Every culture on this planet partakes in some form of music. What’s more, the vast majority—if not all—of these cultures will arrive at the design of a drum relatively early. The point of a drum, of course, is to establish a rhythm.
All of us seem driven to divide time up into specific, repetitive patterns. But it’s not only music, rhythms are everywhere—from our heartbeat to our breathing, blinking, chewing and the way we walk. What happens when the music we make combines with the other rhythms riddling our lives?
We know that when a groove transcends our ear-ways and wiggles it’s way into our minds, we are suddenly caressed into moving in synchronicity. If the beat is fast, it energizes us, our heartbeat speeds up and we get the desire to jump and thrash our arms about. When the music is slow we instead glide gracefully about the room, waving our hands like the conductor of an orchestra. It can influence us in such a way that we’ll push ourselves harder in a workout or relax more efficiently after a tough day.
Why does rhythm have such a remarkable effect on us? - For that, we need to peer inside the brain.
Where Does the Beat Go?
A strong rhythm, once decoded by our inner ears, travels along some neuronal pathways to our cerebellum. This area sits at the base of your brain, and is important in coordinated movement and timing.
The path that rhythm takes is different to other aspects of music, and takes place before we become aware of it. Daniel Levitin articulates this point in ‘This is your Brain on Music’:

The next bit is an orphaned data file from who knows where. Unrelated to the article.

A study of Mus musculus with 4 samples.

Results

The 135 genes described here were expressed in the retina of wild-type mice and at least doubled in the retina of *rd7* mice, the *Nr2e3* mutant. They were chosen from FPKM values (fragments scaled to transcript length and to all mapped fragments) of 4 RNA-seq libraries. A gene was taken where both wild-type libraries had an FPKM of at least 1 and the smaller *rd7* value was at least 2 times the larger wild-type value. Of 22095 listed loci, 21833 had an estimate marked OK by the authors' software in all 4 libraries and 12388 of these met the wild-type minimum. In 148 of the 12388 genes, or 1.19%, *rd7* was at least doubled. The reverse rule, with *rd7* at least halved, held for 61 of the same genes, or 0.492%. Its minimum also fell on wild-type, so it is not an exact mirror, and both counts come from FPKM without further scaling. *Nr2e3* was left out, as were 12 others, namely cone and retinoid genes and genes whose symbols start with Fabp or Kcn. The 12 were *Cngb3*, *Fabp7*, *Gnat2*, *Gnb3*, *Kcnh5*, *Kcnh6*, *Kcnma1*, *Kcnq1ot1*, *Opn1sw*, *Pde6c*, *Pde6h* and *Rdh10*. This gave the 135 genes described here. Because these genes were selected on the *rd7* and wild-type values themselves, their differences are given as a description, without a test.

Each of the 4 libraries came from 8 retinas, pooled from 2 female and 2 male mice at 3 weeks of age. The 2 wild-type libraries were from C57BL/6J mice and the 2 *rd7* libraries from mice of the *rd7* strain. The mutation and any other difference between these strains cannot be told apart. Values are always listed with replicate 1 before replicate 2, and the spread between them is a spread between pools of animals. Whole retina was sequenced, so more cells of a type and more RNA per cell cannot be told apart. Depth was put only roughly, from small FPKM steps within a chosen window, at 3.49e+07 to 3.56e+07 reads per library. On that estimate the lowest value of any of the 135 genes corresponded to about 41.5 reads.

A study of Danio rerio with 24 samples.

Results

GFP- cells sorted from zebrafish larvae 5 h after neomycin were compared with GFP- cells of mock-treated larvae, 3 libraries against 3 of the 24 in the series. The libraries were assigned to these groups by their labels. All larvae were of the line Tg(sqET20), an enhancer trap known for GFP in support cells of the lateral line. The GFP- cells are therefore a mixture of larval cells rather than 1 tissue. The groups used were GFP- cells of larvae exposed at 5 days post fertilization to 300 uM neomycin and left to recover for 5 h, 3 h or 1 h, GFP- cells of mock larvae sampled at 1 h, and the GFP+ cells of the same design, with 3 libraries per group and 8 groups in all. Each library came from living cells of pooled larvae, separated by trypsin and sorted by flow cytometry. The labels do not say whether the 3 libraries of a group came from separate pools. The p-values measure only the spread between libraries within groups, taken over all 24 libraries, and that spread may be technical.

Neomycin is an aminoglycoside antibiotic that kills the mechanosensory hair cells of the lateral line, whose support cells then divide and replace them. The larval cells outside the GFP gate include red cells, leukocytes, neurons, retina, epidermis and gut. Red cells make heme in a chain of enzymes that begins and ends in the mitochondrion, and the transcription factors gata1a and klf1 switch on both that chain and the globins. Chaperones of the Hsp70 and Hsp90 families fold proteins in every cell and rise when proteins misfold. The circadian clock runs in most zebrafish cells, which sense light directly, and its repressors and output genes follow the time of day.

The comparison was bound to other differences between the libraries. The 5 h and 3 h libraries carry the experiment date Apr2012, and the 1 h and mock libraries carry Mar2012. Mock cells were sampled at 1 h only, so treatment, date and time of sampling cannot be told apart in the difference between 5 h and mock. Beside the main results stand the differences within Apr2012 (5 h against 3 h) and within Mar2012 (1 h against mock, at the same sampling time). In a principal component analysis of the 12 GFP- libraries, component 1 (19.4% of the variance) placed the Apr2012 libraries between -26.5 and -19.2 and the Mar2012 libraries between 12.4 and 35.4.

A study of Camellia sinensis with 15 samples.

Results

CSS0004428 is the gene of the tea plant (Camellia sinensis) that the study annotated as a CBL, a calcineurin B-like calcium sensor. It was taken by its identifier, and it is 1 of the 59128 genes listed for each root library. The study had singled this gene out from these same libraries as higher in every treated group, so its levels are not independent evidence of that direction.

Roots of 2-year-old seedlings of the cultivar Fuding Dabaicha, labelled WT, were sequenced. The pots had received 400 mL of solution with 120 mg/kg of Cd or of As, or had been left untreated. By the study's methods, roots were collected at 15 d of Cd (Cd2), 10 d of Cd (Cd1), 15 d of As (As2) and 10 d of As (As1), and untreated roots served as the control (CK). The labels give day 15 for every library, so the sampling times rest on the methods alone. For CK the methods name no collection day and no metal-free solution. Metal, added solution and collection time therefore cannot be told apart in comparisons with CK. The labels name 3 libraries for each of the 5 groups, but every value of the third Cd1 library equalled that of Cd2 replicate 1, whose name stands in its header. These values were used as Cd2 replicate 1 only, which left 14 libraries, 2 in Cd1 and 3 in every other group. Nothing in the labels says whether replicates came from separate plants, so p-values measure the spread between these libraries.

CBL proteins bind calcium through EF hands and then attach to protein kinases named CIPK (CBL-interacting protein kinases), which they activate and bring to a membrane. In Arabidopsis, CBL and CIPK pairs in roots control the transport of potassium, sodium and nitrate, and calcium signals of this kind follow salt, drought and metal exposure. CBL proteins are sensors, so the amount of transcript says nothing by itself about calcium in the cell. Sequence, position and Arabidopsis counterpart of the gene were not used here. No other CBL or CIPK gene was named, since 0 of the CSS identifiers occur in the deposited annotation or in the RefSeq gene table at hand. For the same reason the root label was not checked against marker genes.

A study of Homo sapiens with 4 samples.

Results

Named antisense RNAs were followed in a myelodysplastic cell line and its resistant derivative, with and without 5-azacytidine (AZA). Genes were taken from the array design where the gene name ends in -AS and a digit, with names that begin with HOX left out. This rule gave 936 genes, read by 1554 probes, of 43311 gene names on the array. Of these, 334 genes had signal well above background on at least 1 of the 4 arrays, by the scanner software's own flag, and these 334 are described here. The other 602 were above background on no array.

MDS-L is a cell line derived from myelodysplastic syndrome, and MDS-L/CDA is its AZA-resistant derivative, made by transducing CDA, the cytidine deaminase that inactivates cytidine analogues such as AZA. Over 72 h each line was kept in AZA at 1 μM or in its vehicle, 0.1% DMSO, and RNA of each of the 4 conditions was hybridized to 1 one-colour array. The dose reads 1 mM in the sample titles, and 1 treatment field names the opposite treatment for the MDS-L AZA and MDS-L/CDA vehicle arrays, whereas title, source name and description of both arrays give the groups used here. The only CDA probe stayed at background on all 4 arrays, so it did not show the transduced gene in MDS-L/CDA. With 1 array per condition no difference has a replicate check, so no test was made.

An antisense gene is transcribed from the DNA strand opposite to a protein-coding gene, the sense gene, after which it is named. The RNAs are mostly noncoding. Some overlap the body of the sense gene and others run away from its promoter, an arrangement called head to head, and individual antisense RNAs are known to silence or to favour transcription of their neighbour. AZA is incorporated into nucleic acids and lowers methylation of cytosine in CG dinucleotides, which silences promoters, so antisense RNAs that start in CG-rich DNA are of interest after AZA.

“This emotional response to groove occurs via the ear-cerebellum-nucleus accumbens-limbic circuit rather than via the ear-auditory cortex circuit. Our response to groove is largely pre- or unconscious because it goes through the cerebellum rather than the frontal lobes.”
Your response to groove is outside your control. It comes to us from that ethereal place of intuition and the ‘gut,’ aspects of cognition we have little conscious access to.
Dancing is also something we appreciate seeing performed by other people, particularly very skilled people. People spend a lot of money to watch ballet shows, Cirque du Soleil, and other synchronized dances.
When we watch others dance, the movement areas within our brain also fire up. We don’t necessarily get up and perform the same action, but we are mentally reenacting it. We are also planning and predicting how we expect the dancer to move, and the success/failure interplay of unpredictability is something we enjoy—as we might see from sports, film, games, gambling, and of course the music itself.
A few recent studies have found more interesting insights into dancing. For instance, some of the brain regions active when we perceive motion are also active when we perceive music. One study argued that our cognitive predilection for music may even have evolved from an ability to glean emotion from motion.
Thalia Wheatley and Beau Sievers designed a computer program that tasked participants of a study with adjusting either the shape and movement patterns of a ball, or the dimensions of a piano melody, in order to align it with an emotion. For example, redesigning a bouncing ball to represent angry, or a piano track for sad.
Importantly, the options (which were sliders) for manipulating the sound or ball were closely related—rate set how many beat/bounces per minute; smoothness added spikes to the ball and dissonance to the music; jitter determined predictability, and so on.
What they found was that the positions of these sliders remained the same for each emotion, regardless if it was the music version or the ball. The music and bouncing ball shared a strong connection, suggesting that music and motion do too. What’s more, the researchers tested this on westerners and on the inhabitants of the secluded village of L’ak, in Cambodia, where the results were also very similar. You can listen to some of the results here.
While this doesn’t offer us all the answers, it clearly highlights the ubiquitous and intimate link between music, motion, and emotion.
Written by: Sam Brinson
Sam is a writer and researcher with interests in the brain, personal development, and creative expression. He is currently writing a book on developing better learning habits—'Connecting the Dots.' You can follow him on Twitter here.